Thegidi (Deception) is one of the better Tamil films I have seen in recent months. A murder mystery, the movie is not as thrilling as one would expect a work in this genre to be. Its pace is languorous, and the plot unfolds in a deliberate rhythm. It is certainly novel in that sense, for we
are used to films of this sort keeping us on the edge of our seats and taking us to nail-biting climaxes. Thegidi offers little thrill, and there is no chill to creep down the spine. In fact, even the suspense is gone before the final reels roll on.
Ashok Selvan, Janani Iyer, JayaprakashRating:
The film is about a man, Vetri (Ashok Selvan) from Thanjavur who masters with a degree in criminology and becomes a sleuth in a Chennai detective agency. Thegidi, while pointing out to his exceptional ability for observation (there is a remarkable scene in his classroom that conveys this), falters -- and does not tell us why he misses out on the obvious in his firm. And is it not the cardinal rule of a detective to remain as unobtrusive as possible when he is following a suspect or one who is under surveillance for whatever reason? Yet, Vetri is often seen driving a big almost flashy car, though he is otherwise modestly dressed.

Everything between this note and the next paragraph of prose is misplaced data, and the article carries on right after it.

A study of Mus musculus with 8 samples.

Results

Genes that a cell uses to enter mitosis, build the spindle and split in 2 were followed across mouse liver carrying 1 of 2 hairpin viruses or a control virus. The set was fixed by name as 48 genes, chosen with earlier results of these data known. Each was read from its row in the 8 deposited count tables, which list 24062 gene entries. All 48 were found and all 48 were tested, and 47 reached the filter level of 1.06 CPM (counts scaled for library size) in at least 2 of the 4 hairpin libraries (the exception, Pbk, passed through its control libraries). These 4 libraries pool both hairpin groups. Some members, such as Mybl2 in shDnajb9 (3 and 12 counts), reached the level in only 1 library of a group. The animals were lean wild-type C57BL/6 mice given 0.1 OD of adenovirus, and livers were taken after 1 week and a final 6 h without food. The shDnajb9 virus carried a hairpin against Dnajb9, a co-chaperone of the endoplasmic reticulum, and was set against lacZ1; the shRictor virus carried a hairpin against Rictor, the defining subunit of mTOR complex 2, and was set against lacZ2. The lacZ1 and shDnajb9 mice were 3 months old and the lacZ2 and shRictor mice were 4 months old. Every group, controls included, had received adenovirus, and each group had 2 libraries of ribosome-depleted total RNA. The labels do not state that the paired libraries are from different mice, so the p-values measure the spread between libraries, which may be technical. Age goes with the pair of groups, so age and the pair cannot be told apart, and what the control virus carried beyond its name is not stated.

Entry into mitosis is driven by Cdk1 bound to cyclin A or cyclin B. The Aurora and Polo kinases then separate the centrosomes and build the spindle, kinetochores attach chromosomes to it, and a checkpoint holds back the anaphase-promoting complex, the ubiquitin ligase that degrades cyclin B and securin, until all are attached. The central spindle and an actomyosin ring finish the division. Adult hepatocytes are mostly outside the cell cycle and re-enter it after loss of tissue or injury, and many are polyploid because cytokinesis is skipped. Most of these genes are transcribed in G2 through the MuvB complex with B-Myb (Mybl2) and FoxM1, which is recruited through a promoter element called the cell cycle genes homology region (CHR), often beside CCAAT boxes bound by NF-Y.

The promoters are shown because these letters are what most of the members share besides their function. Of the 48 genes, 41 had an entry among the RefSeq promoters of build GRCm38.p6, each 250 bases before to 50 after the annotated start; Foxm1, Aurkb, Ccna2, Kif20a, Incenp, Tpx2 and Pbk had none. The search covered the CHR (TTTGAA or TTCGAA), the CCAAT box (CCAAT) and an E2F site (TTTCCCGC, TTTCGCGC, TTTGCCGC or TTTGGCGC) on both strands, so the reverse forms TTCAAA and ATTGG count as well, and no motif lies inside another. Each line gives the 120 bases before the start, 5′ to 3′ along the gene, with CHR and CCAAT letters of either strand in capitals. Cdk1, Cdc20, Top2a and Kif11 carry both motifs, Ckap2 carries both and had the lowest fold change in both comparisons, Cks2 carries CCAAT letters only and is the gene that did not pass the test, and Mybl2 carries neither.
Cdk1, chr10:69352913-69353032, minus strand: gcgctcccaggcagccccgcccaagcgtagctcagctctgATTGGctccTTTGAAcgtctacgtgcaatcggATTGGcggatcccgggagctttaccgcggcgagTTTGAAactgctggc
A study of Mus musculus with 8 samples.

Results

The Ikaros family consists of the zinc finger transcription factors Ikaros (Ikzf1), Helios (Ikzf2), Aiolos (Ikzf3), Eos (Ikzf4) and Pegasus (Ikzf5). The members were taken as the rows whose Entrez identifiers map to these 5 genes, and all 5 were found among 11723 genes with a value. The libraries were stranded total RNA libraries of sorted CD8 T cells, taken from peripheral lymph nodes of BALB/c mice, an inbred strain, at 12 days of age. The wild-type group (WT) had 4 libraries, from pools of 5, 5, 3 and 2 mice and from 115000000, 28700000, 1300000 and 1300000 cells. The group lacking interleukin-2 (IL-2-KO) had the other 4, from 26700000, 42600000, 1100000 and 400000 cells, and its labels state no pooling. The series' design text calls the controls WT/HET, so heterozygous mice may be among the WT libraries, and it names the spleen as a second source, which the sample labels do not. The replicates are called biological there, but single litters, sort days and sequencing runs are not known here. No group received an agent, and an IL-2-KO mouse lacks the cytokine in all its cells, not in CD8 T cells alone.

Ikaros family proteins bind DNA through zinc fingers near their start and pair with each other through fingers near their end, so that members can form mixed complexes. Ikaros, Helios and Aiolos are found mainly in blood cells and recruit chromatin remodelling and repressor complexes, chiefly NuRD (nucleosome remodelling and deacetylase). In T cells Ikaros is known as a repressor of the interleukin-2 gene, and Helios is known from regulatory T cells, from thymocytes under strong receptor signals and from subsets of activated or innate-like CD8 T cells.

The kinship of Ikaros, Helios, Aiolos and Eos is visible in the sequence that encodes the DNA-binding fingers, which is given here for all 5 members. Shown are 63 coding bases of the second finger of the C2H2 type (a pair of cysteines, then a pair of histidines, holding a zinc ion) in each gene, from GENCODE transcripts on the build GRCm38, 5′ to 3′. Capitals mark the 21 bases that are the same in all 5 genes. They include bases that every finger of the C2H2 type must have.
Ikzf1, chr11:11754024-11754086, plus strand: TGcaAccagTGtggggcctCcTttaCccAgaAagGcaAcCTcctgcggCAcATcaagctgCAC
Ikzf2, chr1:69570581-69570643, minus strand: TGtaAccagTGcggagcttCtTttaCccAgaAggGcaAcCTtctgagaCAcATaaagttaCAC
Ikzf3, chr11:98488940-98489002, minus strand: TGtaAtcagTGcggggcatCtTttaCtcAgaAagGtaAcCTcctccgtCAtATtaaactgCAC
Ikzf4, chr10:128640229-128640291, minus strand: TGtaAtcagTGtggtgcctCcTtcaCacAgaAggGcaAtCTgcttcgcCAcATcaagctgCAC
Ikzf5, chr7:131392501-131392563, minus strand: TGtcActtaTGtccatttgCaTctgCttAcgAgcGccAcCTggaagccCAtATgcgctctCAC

Ironically, all the three men Vetri is asked to follow and gather facts about die in unnatural circumstances. One falls to his death from a construction site. One drowns in a river, and the third is run over by a car. Vetri’s fourth case involves a woman, Madhushree (Janani Iyer), and he, despite a stricture against it, falls in love with her, and fears that she would die as well.
Curiously, Ramesh’s detective is no Sherlock Holmes or Hercule Poirot. Vetri, for reasons that fox me, appears nervous and ill at ease, a clear case of miscasting here. Selvan is wooden and a huge disappointment in a movie that could have been otherwise a couple of shades better. Iyer has a very limited part, and she does fair justice to that.
Another, point that pulls the film down is the music, and like most Indian directors, Ramesh allows that to be intrusively irritating. Only very few understand the effectiveness of silence in effectively pushing a narrative.
Admittedly, I have gone with three stars here, because Thegidi is a novel attempt at telling a murder story and in a very different kind of way, minus the pulse-pounding twists and turns that one usually associates with mysteries. Rather, Thegidi is beautifully controlled and scripted with a sense of stillness.
However, Thegidi is certainly not for those seeking a rollercoaster ride through car chases, fistfights and Bondish exploits.